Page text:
If you're looking to build anything like a Battlebot (drives around on four wheels, weighs between 5 and 600 pounds, needs high-powered electric motors and remote control equipment), this is the place to check. All of the components are new, well-documented, and well-supported if you call them up.
If you're looking to build something more intricate and animatronic, Trossen Robotics is the place to go. It has all sorts of high-accuracy components like servomotors, and all sorts of sensors and robot controllers. If you want to learn from robot kits, buy from here. If you're looking for the highest quality servomotors and kits and have lots of extra money kicking around, check out their Bioloid kits.
You will not find a better source for inexpensive bargain motors. They're all overstocked, they have completely random mechanical specifications, but they all work. If you see anything from Maxon or Faulhaber, buy it immediately - these are precision-grade motors that just happened to be overstocked.
Cheapest of the cheap hobby parts. I have yet to find a cheaper supplier of servos. Seriously, this place matches sketchy shenzhen/hong kong ebay prices, and usually beats them. I don't know how they do it, and I don't ask.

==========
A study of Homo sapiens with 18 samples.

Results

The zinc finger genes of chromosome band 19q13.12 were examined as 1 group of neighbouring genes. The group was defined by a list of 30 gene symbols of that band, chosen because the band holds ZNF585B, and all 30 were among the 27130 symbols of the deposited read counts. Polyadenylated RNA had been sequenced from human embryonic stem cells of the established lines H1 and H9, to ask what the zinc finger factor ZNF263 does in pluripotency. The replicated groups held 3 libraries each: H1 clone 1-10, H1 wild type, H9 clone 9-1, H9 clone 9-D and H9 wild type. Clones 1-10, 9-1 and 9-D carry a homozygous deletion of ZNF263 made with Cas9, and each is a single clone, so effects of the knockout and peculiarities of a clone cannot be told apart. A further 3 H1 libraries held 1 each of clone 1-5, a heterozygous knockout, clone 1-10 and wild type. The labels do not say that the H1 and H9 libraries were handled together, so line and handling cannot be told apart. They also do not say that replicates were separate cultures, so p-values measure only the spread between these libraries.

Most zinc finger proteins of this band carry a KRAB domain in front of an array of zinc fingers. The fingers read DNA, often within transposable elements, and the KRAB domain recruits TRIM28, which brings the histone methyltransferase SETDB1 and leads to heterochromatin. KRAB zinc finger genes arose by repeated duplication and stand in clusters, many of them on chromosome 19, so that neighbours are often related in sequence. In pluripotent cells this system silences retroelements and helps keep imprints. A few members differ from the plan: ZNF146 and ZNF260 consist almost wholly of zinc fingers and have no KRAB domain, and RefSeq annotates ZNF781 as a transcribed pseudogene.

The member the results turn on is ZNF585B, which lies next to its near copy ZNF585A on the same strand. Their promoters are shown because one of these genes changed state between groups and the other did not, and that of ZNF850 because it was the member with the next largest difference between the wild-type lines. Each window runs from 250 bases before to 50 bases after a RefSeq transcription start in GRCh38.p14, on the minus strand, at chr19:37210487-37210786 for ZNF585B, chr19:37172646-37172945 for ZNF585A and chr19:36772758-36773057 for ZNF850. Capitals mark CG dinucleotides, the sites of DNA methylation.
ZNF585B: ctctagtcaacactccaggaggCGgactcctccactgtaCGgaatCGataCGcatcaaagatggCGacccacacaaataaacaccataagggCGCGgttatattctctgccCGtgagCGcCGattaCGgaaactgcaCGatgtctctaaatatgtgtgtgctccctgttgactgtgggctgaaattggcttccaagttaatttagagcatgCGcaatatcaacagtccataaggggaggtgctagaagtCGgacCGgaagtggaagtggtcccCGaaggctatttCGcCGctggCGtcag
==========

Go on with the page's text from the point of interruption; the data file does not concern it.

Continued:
Another discount hobby store like Hobby Partz. Similarly cheap. Apparently anything from their 'Turnigy' brand of lipos, controllers and brush-ess motors, etc are awesomely cheap.
For all your legged robot kit desires. These kits are cheaper than the Trossen Robotics kits (though, buyer beware, that means they're less capable), and some can be pretty cool looking. I highly recommend the SSC-32 servomotor controller - it's one of the easiest ways I've found to interface with huge numbers of hobby servos.
If you need lots of sensors, or small/hard to find mechanical bits, you could check here. I don't use them as a primary source of hardware, but I check them from time to time and they occasionally surprise me.
If you want the highest performance motors and gearboxes, the buck stops here. Don't look any further. Prepare yourself to look through endless catalogs and configurations, and expect to pay at least $200 per gearmotor.
The runner-up to Maxon, these guys tend to have slightly less expensive, slightly less capable motors. They also tend to have sizes that Maxon doesn't have. Quotes required.
The best electric motor controllers in the business. You can opt for cool options like shock-hardened, dustproof casings... but expect to pay for it. Quotes required.
For all your ethernet-enabled robots and mechatronic needs. These guys offer fairly low-current motor controllers, but the benefit is that their systems are rock solid and control huge numbers of motors at once.